Eileen Anderson is the director of Government Relations for SMC Business Councils, which merged with the Manufacturer & Business Association in 2019. Contact her at 412/805-5707 or firstname.lastname@example.org.
The COVID-19 pandemic has brought a mountain of conflicting information. One headline contradicts the next whether it is economic or medical news. Who do you believe? That is one of the reasons why I sent out personal emails asking members about their hiring plans. The survey was prompted and preceded by several eye-opening meetings with new MBA member, Don Williams, president and chief executive officer of Weatherspoon & Williams, LLC.
Here is a bit of background: Williams’ business is procurement of heavy highway structural steel (for example, sign structures and poles). The company is a certified sub-contractor with transportation departments in 10 states. Williams created 90 percent of the signage at the Pittsburgh International Airport and is assisting with construction of the new airport upgrades.
Williams had the largest minority owned sign factory in the United States on Pittsburgh’s North Side. One of his companies built 100 miles of border fence under President Bush, an opportunity through Tom Ridge, then-secretary of Homeland Security. He also owned a steel manufacturing plant in Ellwood City where they built transmission towers for the Department of Energy. Williams was bought out, retired for a year, and then returned to business with his daughter. Williams’ bottom line is he wants to get jobs because he has a quality, well- priced, on-time product, not because he is black.
Themes from our conversations:
- People are saving money, businesses are making few capital investments, orders are down, businesses and consumers are uncomfortable.
- The pandemic has changed everything, and things will not come back the same way. There are new questions like, “Should we all work at home?”
- Business is based on trust and relationships. In-person meetings are preferred but this is changing.
- His five-year plan is now a four-month plan. Lawmakers must adjust their decision-making and understand the impact of their decisions on businesses.
- He offered to help MBA and lawmakers by adding his front-line perspective on issues.
- Recovery and growth can be helped by availability of people who want to work. He could hire three people tomorrow with the required aptitude, good attitude and willingness to learn. He recalled at a previous location young men on the streets asked him for jobs. He gave them a “Ruler Test” because making signage depends on the ability to measure. “If you can’t read this ruler, go home and study it and come back,” he said.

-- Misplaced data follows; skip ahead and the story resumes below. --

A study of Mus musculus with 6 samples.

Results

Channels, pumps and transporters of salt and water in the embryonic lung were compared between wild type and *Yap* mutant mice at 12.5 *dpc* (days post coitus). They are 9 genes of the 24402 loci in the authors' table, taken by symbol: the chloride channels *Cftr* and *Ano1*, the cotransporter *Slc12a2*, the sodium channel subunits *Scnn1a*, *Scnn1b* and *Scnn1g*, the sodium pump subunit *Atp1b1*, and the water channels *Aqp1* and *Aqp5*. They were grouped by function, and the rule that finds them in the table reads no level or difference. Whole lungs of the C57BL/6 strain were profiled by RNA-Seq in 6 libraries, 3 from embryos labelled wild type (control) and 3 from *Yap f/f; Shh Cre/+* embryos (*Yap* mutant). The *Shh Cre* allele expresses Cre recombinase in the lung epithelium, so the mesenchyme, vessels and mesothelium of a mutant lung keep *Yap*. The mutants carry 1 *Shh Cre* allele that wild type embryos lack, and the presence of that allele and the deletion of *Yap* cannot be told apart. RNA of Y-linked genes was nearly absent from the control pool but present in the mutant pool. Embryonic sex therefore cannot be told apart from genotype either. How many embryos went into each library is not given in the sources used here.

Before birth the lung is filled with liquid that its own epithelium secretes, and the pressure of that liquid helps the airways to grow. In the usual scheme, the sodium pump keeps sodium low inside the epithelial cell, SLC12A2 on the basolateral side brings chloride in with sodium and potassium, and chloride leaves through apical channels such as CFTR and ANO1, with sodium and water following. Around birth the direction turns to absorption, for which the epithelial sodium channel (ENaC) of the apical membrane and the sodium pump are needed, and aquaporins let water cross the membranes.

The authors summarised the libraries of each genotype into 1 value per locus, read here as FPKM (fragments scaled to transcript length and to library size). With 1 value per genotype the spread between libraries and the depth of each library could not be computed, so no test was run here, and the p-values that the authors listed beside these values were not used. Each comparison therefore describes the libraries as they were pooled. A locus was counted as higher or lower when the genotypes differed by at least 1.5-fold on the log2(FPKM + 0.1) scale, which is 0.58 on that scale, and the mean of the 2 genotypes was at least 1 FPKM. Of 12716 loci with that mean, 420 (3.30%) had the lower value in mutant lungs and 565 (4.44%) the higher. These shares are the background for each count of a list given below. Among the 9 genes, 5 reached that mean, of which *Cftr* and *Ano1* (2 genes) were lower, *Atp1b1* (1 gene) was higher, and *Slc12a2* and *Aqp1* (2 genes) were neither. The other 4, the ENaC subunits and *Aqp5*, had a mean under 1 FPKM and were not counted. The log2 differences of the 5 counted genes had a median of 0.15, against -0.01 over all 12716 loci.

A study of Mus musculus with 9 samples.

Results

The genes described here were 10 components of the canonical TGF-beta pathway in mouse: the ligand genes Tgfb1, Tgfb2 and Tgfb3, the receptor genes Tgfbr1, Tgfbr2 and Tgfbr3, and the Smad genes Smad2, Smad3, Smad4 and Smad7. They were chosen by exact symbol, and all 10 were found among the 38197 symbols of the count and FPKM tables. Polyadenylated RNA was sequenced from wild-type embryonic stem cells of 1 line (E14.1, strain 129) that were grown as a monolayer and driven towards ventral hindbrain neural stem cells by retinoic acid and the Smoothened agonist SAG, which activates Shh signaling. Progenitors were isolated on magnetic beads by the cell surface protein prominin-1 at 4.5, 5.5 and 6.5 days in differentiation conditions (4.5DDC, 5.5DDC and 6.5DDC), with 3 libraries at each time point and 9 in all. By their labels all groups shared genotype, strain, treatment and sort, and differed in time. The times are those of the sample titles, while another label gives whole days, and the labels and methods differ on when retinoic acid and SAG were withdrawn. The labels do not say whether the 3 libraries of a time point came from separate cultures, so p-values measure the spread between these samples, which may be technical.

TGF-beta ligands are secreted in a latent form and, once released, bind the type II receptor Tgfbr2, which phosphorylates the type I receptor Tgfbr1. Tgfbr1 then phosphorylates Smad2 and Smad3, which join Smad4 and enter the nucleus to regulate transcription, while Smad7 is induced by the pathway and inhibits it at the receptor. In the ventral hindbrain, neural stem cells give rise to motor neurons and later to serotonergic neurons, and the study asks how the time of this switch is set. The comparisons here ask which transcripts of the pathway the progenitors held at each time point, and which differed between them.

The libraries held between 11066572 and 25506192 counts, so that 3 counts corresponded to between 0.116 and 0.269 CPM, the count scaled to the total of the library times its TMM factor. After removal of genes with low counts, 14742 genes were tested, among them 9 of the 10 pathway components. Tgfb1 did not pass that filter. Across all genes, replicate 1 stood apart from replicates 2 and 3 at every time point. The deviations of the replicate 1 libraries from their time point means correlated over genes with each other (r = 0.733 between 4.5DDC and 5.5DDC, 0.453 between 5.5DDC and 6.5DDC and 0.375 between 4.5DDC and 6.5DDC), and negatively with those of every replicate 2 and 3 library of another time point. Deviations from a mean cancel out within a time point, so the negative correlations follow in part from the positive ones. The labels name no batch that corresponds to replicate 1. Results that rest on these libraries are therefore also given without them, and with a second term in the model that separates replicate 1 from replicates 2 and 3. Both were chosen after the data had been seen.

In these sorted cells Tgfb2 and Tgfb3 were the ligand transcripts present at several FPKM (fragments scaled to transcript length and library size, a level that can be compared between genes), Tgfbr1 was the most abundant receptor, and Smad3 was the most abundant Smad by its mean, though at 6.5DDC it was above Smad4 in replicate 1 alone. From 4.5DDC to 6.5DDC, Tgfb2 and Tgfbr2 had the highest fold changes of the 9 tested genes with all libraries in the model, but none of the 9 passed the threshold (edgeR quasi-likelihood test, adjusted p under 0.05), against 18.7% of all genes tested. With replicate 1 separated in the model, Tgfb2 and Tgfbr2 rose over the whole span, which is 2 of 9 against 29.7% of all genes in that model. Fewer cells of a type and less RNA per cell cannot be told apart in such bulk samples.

Headlines led me to believe that every business was laying off workers. When Williams said he could hire three more people, it prompted this workforce survey: Assuming you have access to the types of workers required, how many workers, if any, would you hire in the fourth quarter 2020?
The results provide insight into the economy:
• 75 personal emails were sent and 43 (57 percent) replied. Of the respondents, 63 percent were manufacturers, 37 percent were professional services and other.
• 49 percent will not hire in the fourth quarter. Reasons varied from “not yet recovered,” “hired in the third quarter,” to “workforce has been reduced by 26 percent.”
• 51 percent are hiring.
• The total number of worker respondents needed is 92.
This points to the need for a skilled workforce. Things may not return to business as usual, but the workforce must remain on our agenda. In 2019, Pennsylvania had the lowest unemployment in 50 years at 4.4 percent. The future challenge will be where to find the workers. State demographics show a declining workforce in years to come.
According to the Pennsylvania Demographic Outlook from September 2020, “If labor force participation rates do not increase, then this trend will constrain economic and revenue growth in the future.”
We cannot have young men flunking “ruler tests.”